A Goal Setting Technique to Keep You On Target

A Goal Setting Technique to Keep You On Target

There is the classic quote in Lewis Carroll’s “Alice in Wonderland” that goes, “If you don’t know where you are going, any road will get you there”.  Many of us have the best of intentions in terms of getting things accomplished in our life.  However, we often wind up frustrated when we don’t make the progress we want toward our goals.

Goals can many times feel overwhelming to us, particularly if there is a great deal to get accomplished to reach them.  When you set a goal for yourself or help someone else to achieve their goals, you help yourself immensely when you set up a well designed action plan.  If designed well your plan includes:

Specific step by step processes on how you will reach your goal.

Measurable checkpoints which help you to quantify you have completed a specific step.

Achievable steps in the plan you are constructing.

Reasonable expectations that what you are saying you are going to be able to do can be done at the current time.

Time specific date and time when you will complete each step in the process.

An action plan which has steps which meet all 5 of these characteristics is considered a S.M.A.R.T. plan, (note how the acronym forms by taking each of the steps in the plan building process).  Many people have accomplished a great deal by both developing and following their SMART plans.

However, many times, even the steps to accomplish a goal can overwhelm us if the detail involved in completing them takes a great deal of time and effort.  During my studies at the Institute for Professional Excellence in Coaching (IPEC), I was introduced to an addendum to this approach which aids in addressing step by step overwhelm.  Known as the AIM SMART process, it still uses all of the steps outlined above, but additionally helps one with managing the individual steps of the plan.

The A in the AIM of AIM SMART stands for the “acceptable minimum” you are willing to do toward completing the first step in your plan.  If for example your goal is to clean out your bedroom closet an “acceptable minimum” toward completing a first step may be to determine what you will do with the items in the closet you do not want to keep, (ie. throw out, donate, sell, etc.).  The “A” in the AIM gets you started and it better than doing nothing.

The I in AIM represents your ideal completion of the 1st step.  Using the closet example again, perhaps your first step has you removing from the closet all items that you will no longer store in it, and having accounted for where each and every item is going to go next.  Depending on how cluttered the closet is, and also how organized you are in terms of knowing what you choose to do  with the items you are discarding, this could be a very involved first step.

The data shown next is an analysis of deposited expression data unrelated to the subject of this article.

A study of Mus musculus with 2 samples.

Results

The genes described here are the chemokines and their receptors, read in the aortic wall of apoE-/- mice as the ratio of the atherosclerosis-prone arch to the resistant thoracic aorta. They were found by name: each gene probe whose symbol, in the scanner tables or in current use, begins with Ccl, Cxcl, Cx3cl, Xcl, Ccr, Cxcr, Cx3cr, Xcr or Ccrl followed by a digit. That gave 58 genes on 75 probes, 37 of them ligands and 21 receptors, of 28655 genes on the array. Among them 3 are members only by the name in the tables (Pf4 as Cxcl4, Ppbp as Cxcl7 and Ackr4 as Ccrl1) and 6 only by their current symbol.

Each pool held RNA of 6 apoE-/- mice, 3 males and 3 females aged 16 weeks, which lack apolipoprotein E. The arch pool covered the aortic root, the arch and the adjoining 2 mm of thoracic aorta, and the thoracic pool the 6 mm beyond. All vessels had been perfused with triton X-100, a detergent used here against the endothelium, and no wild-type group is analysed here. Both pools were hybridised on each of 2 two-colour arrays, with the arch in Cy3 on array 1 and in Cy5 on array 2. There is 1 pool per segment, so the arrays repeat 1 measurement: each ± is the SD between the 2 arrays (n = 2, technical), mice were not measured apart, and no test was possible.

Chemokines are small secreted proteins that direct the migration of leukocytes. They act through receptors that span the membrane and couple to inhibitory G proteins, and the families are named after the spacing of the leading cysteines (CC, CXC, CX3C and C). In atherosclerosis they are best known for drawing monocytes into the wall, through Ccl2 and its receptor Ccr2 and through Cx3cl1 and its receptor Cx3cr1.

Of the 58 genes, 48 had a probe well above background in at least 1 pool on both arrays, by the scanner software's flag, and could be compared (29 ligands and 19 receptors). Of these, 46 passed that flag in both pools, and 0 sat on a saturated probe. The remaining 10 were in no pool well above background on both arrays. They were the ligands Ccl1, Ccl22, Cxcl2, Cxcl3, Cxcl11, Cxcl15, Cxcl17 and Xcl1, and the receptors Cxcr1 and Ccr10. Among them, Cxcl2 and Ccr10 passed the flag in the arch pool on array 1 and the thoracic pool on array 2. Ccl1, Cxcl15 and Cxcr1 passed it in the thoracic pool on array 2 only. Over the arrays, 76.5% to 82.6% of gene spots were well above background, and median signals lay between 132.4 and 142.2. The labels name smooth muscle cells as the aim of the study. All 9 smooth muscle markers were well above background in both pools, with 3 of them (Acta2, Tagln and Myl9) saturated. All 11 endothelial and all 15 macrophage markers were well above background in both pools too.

The M in AIM stands for what is the “middle” or a realistic stretch goal that you can reach in an agreed upon time frame to help you get up your momentum.  Again, in our closet example, if your closet is filled with a large number of shoes, maybe your realistic first step is to go through all of the shoes and decide which pairs to keep and which to send elsewhere.  When setting the realistic stretch goal, again the key is to make it Time Oriented, so as to provide you both a Measurable checkpoint, but also to provide you a sense of accomplishment toward reaching your goal.

I myself am currently in the process of using this technique tackling a major initiative in my life.  When I was remarried, I moved into my wife’s condominium.  The condominium I owned had a great number of items, (particularly in the basement) from my first marriage.  After my first wife’s passing, the prospect of tacking this project was too overwhelming to me.  Frankly, beyond items which had sentimental value, frankly there were a good number of items in excellent condition, that just did not seem right to throw out.

However, with the major assistance of my spouse, we built our own AIM SMART plan to tackle the job.  We visited my condominium once each weekend for several months, each time targeting either a particular section of a room to tackle, or a particular category of item.  We targeted an interim goal of Independence Day to have our items to donate ready for a church rummage sale.  Upon reaching the completion of that step, we focused on a next step of determining how we were going to merge furniture from my place into our current residence.  Having now accomplished that, we are focusing on the next step of identifying and accounting for whatever remaining steps need to be taken to be able to bring my place to market.  All along, we have done this on a time scheduled that worked for the two of us, and have reached our goals in a controlled, non-stressed manner.  Additionally, when any one task appeared to get too large, we took a step back and broke that step up into smaller, manageable, shorter time duration steps to complete.   The AIM SMART process is completely iterative, keeps you on track to accomplish your eventual goal, and at the same time provides you measurable check points and accomplishment recognition points along the way.

That brings me to one last point.  While it is noble to go it alone to reach your goals, it isn’t always the most effective way to accomplish them.  One of the surest ways to get to your goals is to involve a partner.  While that partner may not actually participate in the completion of any of the steps, just holding yourself accountable to them in meeting your time commitments, measuring your progress and most important celebrating your successes, is one sure way to enhance your ability to meet your goals.